Shopping center developer Rick Caruso bet some $100 million he could become the next mayor of Los Angeles.
But more than a week after the Nov. 8 election, it was evident his bet, paid for almost entirely with his own money, didn’t pay off.
On Wednesday afternoon, the billionaire businessman conceded that his opponent, a six-term congresswoman, had won. “The voters have spoken,” he said in a statement. “I’m proud of the work we did to engage long-neglected communities, giving a voice to the unheard, and to the light we shined on the biggest challenges facing our city.”
Those challenges have been people without homes and rising crime. Another challenge has been counting votes, still an ongoing process. The morning after the polls closed, initial results showed a tight race between the two candidates. With just under 500,000 votes counted, Caruso was slightly ahead with 51.25 percent of the vote versus 48.75 percent for Bass.
But as thousands of mail-in ballots were counted, the wind quickly shifted. As of Thursday morning, Bass was ahead by 46,578 votes, or 53.1 percent of the vote, to Caruso’s 46.9 percent, with 75 percent of the ballots counted.
This turned into a historical race because Bass will become Los Angeles’ first female mayor and only the second Black person to hold the office, following Tom Bradley, who was mayor from 1973 to 1993. She takes office on Dec. 12.
Caruso called Bass on Wednesday night and congratulated her. The following morning, she held a press conference in front of the Wilshire Ebell Theatre complex and thanked her thousands of supporters.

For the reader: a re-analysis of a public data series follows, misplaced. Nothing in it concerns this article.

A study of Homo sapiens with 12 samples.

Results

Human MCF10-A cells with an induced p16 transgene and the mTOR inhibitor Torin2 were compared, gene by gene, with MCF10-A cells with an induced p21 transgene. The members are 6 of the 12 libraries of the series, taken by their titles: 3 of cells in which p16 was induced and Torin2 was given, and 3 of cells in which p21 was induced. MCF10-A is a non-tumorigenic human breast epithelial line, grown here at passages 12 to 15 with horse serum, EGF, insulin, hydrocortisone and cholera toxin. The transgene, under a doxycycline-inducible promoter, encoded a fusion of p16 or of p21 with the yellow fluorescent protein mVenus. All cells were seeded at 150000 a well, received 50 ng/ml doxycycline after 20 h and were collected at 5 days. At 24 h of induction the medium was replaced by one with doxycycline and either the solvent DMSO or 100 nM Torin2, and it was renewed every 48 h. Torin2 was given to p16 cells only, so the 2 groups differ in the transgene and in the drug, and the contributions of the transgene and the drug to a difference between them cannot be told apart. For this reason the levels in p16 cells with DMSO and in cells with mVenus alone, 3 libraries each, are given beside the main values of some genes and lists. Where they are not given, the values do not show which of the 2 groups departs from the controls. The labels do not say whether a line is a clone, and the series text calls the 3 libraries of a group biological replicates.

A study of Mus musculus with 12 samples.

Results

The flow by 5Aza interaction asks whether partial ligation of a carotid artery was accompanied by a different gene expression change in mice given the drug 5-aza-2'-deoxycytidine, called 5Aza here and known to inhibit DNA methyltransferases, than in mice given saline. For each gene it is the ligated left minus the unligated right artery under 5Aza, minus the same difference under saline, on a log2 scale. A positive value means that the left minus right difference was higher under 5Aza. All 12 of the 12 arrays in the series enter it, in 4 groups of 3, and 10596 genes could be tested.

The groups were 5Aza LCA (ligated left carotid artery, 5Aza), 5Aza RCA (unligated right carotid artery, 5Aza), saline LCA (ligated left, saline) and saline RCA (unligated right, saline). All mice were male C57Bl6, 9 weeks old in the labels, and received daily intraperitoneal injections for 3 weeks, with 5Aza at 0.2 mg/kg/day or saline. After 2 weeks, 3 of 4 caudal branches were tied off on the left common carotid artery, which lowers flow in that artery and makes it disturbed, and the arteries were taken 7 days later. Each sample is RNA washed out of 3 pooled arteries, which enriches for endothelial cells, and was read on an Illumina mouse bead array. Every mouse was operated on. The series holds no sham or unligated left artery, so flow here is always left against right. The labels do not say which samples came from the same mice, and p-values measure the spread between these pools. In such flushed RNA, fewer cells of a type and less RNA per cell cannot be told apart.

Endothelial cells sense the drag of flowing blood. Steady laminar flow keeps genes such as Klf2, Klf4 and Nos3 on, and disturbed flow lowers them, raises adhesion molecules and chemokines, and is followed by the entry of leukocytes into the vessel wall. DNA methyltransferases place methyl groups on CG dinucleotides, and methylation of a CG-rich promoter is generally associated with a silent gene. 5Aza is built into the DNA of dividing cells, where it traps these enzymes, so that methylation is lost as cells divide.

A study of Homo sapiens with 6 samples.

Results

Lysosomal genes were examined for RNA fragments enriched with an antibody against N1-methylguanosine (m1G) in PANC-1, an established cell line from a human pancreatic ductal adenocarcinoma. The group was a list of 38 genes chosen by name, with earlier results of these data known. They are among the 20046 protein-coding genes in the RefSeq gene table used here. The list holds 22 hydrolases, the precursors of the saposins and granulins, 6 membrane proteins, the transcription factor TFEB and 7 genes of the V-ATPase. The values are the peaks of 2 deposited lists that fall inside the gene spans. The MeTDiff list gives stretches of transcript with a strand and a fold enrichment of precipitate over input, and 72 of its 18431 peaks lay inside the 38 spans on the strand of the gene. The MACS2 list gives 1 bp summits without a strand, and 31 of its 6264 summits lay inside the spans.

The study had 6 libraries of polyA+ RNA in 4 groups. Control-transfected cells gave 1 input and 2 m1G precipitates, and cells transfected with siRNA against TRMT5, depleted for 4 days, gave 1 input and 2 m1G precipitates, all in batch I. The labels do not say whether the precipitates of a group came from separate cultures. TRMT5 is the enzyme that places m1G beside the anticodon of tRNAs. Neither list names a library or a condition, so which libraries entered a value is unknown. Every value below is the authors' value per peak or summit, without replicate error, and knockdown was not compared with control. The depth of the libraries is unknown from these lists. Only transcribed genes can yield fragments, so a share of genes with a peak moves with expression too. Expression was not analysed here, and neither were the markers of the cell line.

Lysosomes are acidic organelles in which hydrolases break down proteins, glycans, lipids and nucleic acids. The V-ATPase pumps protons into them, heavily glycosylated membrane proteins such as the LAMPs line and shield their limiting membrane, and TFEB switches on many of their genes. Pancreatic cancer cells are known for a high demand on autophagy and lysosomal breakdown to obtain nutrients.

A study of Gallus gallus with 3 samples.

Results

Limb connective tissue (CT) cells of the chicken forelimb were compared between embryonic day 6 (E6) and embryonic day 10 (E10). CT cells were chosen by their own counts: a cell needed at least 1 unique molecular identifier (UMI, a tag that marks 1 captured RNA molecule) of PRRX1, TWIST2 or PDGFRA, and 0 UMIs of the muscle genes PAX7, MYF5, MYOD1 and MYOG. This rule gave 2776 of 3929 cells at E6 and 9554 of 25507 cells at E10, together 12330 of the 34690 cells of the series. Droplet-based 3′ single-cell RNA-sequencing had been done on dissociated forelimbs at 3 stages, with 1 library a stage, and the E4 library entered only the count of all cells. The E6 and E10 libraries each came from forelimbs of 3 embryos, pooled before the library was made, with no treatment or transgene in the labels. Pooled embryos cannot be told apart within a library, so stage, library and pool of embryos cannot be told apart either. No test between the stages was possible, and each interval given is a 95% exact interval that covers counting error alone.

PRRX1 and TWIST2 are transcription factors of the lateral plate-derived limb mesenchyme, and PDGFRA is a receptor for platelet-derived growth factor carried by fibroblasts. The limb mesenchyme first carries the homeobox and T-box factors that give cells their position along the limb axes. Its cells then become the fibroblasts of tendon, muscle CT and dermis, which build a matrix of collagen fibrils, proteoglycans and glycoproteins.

“It is with a special feeling in my heart, and with the thoughts of my mother and my daughters and of all the women in this city, that I stand before you in this place as the next mayor of Los Angeles,” she said.
With only a little more than three weeks before she takes office, she already is gearing up. “Many Angelenos do not feel safe in their neighborhoods, and families have been priced out of their communities. This must change. And to the people of Los Angeles, my message is that we’re going to solve homelessness. We are going to prevent and respond urgently to crime,” she said.
Bass said the election was a hard-fought victory. Caruso, who grew up in a wealthy family living in Beverly Hills, spent some 10 times more than Bass, the daughter of a postal worker, in his campaign.
The billionaire developer and businessman blanketed the air waves with repeated TV ads promoting his ideas of providing more beds for unhoused citizens and adding 1,500 officers to the Los Angeles Police Department.
He also allotted between $12 million to $14 million to hire some 400 to 500 ballot chasers who fanned out into Latine and Asian neighborhoods knocking on doors or making phone calls for a get-out-the-vote campaign to reach residents that often don’t vote.
Bass, whose campaign raised only $9.7 million, was endorsed by the Los Angeles Times and relied on some heavy political guns to sway voters. Former President Barack Obama appeared in a TV ad where he and Bass talked via Facetime about how he looked forward to seeing her become the next Los Angeles mayor.
Bass also had the support of President Joe Biden, Sen. Bernie Sanders of Vermont, former presidential candidate Hillary Clinton and current Los Angeles Mayor Eric Garcetti.
Celebrity heavyweights who threw their weight behind the congresswoman included Steven Spielberg, John Legend, Tracee Ellis Ross and Earvin “Magic” Johnson.
In Caruso’s celebrity corner were Snoop Dogg, Gwyneth Paltrow, Kim Kardashian and Katy Perry.
On the labor front, major unions backing the businessman were the United Firefighters of Los Angeles and the Los Angeles Police Union, which represents 9,500 officers. Caruso was the president of the L.A. Police Commission for five years following his appointment in 2001 by Mayor James Hahn.
Homelessness was a major talking point on the campaign trail. Caruso said he would declare a state of emergency to deal with the problem and build enough beds to house 30,000 unhoused citizens.
Bass is also deeply concerned about homelessness and promised to build a coalition to house 15,000 people without homes by the end of her first year in office.